More firms to default on debt due to business slowdown

More companies could default on their borrowings before the end of the year as business activities remain well below pre-pandemic levels, Moody’s has forecast.

The credit rating agency expressed concern that while economies around the world are beginning to recover after the global lockdown, struggling businesses would still end up defaulting on their debt.

By year’s end, global default rate could increase to 7.8 percent, more than double the pre-pandemic level of 3.2 percent. By March 2021, the rate will peak at 8.4 percent before dropping back to 6.8 percent by September 2021.

“The number of monthly defaults will likely rise somewhat over the next 12 months as business activities still remain well below pre-pandemic levels,” Moody’s said in a report featured in its Credit Outlook publication that was released on Thursday.

“The uneven economic recovery will likely be insufficient to save many of the weakest companies from default, especially those in the hardest hit sectors or those that were already struggling before the coronavirus,” it added.

Oil and gas

Companies in the oil and gas sector have dominated corporate defaults this year, accounting for 41 cases from January to September. Among the latest defaulters were FTS International Inc., Oasis Petroleum, Petroleum Geo-Services ASA and Transocean, all were either in the exploration and production or oilfield services fields.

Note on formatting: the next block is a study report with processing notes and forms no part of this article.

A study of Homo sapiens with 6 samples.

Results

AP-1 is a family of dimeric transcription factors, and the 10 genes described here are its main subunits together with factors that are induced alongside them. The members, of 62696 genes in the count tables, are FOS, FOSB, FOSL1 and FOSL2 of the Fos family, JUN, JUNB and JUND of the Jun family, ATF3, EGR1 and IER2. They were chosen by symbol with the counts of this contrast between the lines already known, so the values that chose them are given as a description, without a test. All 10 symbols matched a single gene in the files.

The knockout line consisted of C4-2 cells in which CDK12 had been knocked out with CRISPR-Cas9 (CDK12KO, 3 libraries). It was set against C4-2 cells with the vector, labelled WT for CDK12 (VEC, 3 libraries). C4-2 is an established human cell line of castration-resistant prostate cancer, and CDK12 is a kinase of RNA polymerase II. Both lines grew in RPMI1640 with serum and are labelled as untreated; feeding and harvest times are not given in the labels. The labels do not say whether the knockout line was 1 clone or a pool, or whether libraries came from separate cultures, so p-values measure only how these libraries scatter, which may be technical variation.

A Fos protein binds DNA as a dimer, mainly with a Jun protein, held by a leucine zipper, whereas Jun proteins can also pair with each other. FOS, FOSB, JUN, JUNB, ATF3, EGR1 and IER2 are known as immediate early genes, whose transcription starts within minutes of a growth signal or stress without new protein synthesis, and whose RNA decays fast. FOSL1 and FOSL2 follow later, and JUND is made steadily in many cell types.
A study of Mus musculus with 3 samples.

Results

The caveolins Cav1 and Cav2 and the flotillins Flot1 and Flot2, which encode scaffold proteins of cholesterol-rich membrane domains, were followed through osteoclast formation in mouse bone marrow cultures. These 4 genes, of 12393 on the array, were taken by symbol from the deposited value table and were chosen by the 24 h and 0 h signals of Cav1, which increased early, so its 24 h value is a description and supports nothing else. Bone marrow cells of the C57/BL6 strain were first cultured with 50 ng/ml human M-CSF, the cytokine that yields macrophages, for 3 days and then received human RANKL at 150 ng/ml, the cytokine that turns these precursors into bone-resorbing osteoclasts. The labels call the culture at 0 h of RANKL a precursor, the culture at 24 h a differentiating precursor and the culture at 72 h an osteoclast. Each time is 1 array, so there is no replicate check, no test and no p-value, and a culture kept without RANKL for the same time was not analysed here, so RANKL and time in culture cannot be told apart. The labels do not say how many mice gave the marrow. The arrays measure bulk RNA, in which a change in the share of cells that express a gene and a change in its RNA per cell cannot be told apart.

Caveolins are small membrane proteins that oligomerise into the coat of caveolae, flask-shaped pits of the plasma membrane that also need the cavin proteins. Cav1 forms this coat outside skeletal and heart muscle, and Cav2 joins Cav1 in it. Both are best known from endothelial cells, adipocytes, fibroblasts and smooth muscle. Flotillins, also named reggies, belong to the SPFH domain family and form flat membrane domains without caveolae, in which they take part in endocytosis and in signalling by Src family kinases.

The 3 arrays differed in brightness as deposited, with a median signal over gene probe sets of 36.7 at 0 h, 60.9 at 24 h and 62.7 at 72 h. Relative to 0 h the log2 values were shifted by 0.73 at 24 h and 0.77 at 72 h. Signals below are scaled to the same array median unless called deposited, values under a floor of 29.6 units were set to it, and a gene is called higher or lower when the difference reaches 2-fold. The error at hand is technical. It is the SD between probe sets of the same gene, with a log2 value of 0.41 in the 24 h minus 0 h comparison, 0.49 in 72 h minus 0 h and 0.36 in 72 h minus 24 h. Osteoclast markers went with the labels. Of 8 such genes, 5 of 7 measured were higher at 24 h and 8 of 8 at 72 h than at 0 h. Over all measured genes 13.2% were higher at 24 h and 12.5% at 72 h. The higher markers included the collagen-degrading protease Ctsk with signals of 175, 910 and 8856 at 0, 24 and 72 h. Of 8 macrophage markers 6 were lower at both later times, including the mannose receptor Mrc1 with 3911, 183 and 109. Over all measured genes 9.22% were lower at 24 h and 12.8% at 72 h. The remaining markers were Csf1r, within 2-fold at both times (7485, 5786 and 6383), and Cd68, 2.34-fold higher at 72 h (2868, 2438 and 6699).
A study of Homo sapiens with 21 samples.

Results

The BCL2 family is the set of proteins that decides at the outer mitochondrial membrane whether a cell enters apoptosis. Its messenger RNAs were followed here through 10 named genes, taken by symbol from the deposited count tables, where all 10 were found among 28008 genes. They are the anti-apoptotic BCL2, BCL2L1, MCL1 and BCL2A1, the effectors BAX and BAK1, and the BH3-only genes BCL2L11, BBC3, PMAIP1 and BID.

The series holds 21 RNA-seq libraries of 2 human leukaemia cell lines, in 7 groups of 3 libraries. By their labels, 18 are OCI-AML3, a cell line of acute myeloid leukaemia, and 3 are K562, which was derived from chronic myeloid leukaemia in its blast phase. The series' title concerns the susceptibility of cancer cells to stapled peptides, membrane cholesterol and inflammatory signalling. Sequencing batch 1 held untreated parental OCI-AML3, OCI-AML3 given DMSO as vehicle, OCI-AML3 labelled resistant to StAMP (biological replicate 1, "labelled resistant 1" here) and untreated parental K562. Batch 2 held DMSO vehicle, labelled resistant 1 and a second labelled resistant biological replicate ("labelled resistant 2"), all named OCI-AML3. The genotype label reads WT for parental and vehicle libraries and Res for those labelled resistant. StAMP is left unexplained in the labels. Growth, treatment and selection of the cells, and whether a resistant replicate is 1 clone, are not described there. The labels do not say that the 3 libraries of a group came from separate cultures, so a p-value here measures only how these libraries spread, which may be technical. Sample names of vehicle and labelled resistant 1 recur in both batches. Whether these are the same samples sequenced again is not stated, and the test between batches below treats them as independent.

In the coming year, however, Moody’s said those that will struggle to repay their debt will be companies in the business services sector. Companies in the hotel, gaming, leisure, oil and gas industries will account for the second-largest number of defaults.

Year-to-date defaults

From January to September, Moody’s recorded 166 corporate defaults globally, two of them were reported in the Middle East and Africa.

Among the regions monitored, North America topped the list of defaults, with the United States accounting for 112 cases.  In the Asia-Pacific region, 12 corporate defaults were recorded during the nine-month period.

“Our forecast of rising default rates through March 2021 is underpinned by the increased share of lower-rated companies in recent years and the downward rating momentum earlier this year following the pandemic-induced economic turmoil,” Moody’s said.

Central banks around the world, including the UAE, have intervened and rolled out stimulus packages to mitigate the impact. However, Moody’s said the monetary aid wouldn’t be able to save some companies from defaults.

“Although central banks have provided unprecedented liquidity support to capital markets, these measures will not prevent insolvent companies from defaulting,” the credit rating agency said.